This commercial channel is as previously stated owned partly by Schibsted and A-Pressen with the Danish company Egmont as a third major owner. The channel has had a huge success during the past ten years, and has today bypassed NRK as the biggest channel with regards to ratings. However, there have been several controversial programmes lately, landing the channel with the critique that it is presenting an edited version of the situation to get the ratings up. This has particularly been directed at the documentary/debate programme Rikets tilstand (State of the Nation).
Two years ago it showed a hidden camera reportage made by a Somali woman named Kadra, where she was seen talking to four Imams about female circumcision. They were all seemingly positive to this, something which caused an uproar and a strong critique of the Somali community in the capital. A few weeks ago the transcript of the conversation was published in Aftenposten, showing that the men had in fact been very hesitant about the subject; two of the four disapproved completely, and only one would submit his daughters to this treatment (on the other hand they did tell Kadra to obey her family if they demanded she undergo this procedure).
When asked about this, the presenter Gerhard Helskog replied that the situation was clear: the Imams had betrayed Kadra, and TV2 had done its job by exposing a genuine problem in the Somali community. The issue of censorship was also raised a few weeks ago, when the editor of TV2, Kire Valebrokk, cancelled a re-run of the popular satirical debate programme Torsdagsklubben. In the programme broadcast live on the 24th October, the comedian Otto Jespersen criticised the prime minister by commenting on the low ratings of his party, and on what he deemed to be excessive drug use.
The show caused quite a stir, and the PM stated that he disapproved of such ‘humour’. Other members of his party also criticised Jespersen, and when the latter received a death threat the week later, the tabloids reported Valebrokk as having said that this was the fault of the PM. Still, as this publicity is definitely not doing the channel any harm, one might wonder if this is a deliberate attempt to increase the market share of TV2. Other owners Although the market share of the three major groups is quite substantial, there are still a number of smaller groups and independent media left.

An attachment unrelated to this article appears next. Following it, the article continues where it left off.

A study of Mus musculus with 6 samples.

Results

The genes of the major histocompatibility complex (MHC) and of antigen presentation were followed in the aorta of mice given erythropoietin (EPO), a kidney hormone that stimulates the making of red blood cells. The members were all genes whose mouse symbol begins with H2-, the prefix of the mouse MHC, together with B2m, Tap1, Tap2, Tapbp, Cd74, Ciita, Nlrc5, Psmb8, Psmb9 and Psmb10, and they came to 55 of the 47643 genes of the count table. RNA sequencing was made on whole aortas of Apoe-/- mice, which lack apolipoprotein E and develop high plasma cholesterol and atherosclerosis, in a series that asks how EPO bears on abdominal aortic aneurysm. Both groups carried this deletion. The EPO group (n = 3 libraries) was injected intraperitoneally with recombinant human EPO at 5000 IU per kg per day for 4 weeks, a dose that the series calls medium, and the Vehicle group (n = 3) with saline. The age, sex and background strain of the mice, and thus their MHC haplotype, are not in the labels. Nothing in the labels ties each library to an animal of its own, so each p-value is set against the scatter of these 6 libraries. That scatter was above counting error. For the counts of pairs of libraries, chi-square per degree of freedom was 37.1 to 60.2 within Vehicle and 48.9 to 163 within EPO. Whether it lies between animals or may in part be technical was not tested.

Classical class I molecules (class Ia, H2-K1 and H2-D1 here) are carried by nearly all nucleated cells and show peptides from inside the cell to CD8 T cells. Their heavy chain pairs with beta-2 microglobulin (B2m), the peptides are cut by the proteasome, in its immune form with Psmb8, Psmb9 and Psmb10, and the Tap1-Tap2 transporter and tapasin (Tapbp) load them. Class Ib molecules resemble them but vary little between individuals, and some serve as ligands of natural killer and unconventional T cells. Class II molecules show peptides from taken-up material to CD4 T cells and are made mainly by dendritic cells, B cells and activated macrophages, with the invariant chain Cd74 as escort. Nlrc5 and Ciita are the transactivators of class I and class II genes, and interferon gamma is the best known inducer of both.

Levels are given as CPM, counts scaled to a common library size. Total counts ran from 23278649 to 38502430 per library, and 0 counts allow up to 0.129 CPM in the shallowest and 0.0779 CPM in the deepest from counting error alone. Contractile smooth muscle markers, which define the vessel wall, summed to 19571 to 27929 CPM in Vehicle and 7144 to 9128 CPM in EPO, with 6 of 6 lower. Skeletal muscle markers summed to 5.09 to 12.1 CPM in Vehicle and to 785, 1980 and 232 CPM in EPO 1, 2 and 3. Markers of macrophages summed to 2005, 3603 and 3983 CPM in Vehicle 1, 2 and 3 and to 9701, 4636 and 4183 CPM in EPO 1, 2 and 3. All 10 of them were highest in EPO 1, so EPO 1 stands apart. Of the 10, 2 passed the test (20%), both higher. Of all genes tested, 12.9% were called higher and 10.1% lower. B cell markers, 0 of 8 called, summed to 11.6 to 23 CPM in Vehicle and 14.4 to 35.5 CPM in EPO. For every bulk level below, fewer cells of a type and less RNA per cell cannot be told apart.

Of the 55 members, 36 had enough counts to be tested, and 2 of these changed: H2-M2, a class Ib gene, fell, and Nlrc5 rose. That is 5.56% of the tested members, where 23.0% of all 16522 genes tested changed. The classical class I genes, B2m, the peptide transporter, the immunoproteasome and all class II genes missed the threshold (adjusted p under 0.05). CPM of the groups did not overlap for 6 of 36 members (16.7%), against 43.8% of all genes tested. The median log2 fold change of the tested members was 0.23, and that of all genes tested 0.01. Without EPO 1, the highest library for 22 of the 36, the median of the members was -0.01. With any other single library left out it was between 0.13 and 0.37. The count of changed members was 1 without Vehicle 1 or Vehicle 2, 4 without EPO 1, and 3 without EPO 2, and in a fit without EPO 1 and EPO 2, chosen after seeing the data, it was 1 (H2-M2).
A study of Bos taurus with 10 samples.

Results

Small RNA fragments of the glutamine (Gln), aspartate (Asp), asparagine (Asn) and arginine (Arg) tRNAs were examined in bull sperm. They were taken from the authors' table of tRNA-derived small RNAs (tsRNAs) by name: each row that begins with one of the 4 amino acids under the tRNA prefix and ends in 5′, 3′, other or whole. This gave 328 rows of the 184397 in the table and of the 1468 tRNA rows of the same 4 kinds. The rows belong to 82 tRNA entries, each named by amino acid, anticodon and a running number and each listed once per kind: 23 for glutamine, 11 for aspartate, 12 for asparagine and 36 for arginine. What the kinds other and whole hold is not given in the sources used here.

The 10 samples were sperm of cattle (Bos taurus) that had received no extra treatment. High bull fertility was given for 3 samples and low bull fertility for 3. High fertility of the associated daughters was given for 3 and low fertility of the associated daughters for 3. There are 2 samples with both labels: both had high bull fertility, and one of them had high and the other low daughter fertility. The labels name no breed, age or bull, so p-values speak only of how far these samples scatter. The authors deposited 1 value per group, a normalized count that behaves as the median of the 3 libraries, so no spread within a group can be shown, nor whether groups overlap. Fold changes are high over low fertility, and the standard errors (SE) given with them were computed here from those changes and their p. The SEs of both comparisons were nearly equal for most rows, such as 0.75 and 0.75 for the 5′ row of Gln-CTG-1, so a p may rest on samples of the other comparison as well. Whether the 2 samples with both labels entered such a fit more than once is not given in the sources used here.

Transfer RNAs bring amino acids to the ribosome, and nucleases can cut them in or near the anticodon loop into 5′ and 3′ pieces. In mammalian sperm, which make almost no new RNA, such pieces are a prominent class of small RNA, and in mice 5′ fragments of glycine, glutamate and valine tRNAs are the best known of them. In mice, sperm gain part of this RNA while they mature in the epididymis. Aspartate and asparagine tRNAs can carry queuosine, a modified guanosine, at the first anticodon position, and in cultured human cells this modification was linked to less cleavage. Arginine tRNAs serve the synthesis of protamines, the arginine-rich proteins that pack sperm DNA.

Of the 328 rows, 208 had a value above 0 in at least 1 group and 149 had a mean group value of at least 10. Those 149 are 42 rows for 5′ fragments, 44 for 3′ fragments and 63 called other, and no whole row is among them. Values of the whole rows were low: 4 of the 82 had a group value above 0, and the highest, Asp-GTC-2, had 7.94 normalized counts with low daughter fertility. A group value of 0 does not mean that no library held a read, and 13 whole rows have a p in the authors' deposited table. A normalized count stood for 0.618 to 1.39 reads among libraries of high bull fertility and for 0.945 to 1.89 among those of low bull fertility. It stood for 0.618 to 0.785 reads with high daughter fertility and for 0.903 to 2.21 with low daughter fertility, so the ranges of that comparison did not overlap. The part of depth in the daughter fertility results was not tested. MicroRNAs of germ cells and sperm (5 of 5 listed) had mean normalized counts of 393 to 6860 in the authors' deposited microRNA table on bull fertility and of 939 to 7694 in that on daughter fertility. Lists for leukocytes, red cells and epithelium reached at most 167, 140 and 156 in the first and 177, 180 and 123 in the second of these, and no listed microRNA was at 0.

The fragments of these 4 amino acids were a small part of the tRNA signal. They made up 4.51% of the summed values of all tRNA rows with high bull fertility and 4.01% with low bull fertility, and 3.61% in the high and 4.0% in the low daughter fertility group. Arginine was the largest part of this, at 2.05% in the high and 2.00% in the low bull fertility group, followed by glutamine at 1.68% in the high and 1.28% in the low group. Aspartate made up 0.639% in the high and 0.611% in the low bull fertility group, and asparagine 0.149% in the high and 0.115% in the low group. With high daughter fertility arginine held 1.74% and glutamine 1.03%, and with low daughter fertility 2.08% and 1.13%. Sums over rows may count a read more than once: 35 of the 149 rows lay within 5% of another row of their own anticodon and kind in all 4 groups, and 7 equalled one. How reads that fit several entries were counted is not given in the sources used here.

These are to a certain extent owned by members of the local community, or, as in the case of MGS (Mediegruppen Sunnmire), by the journalists and the editors themselves. This particular group owns three local media: a television station, a radio station and an Internet portal. 27 Dagbladet is the second biggest tabloid in Norway, and stays independent, although it does have strong ties to Orkla. One of the major reasons for this is the fact that Jens P. Heyerdahl, the director of Orkla, was also at a time the Chairman of the Board in Dagbladet, and his wife, Mette Heyerdahl, was the major shareholder.
These ties manifested themselves when, during the late 1980s – early 1990s, the paper tried to gain a share of the regional market. It engaged in a prize war in the town of Kristiansund against Schibsted, which held the number one newspaper at the time, Tidens Krav. However, Schibsted proved to be too powerful, and when Dagbladet pulled out it sold all its shares in regional papers to Orkla for a very reasonable prize.
Other important newspapers include Klassekampen, traditionally a communist paper, but slightly liberalised today, and Virt Land, a Christian paper. Virt Land also owns several local media, particularly on the West and South cost, where Puritanism has historically made a strong impact. Practice and legislation Under the Norwegian penal code it is the editor and not the owner who is responsible for the content and views of a newspaper. There has also been talk of making the ‘Statement of the Editor’s duties and rights’ a law,29 but this has been met with some opposition in Parliament.
This statement was created by the Union of Norwegian newspapers (NAL) and the Editors’ Trade union (NRF), in 1953, and stipulates how the editor should run the paper without interference from the owner, and how he/she should always have the best interest of the press and the freedom of speech in mind. 30Although this statement is not a law, it is respected by the different media. However, it is not only the editorial freedom which is important, the content also has to be regulated to a certain extent.
To this end, the ‘Be Careful’ statement by the Norwegian Press Union works as a pre-emptive, and the Press Standards Board (PFU) as a post-emptive means of control. The ‘Be Careful’ statement was first written in 1936, and stipulates the ethical norms for journalists with regards to their role, integrity and behaviour. 31 The PFU can react on complaints made by members of the public or by the press itself, if it is felt that a television programme or an article has failed to respect the ‘Be Careful’ rules.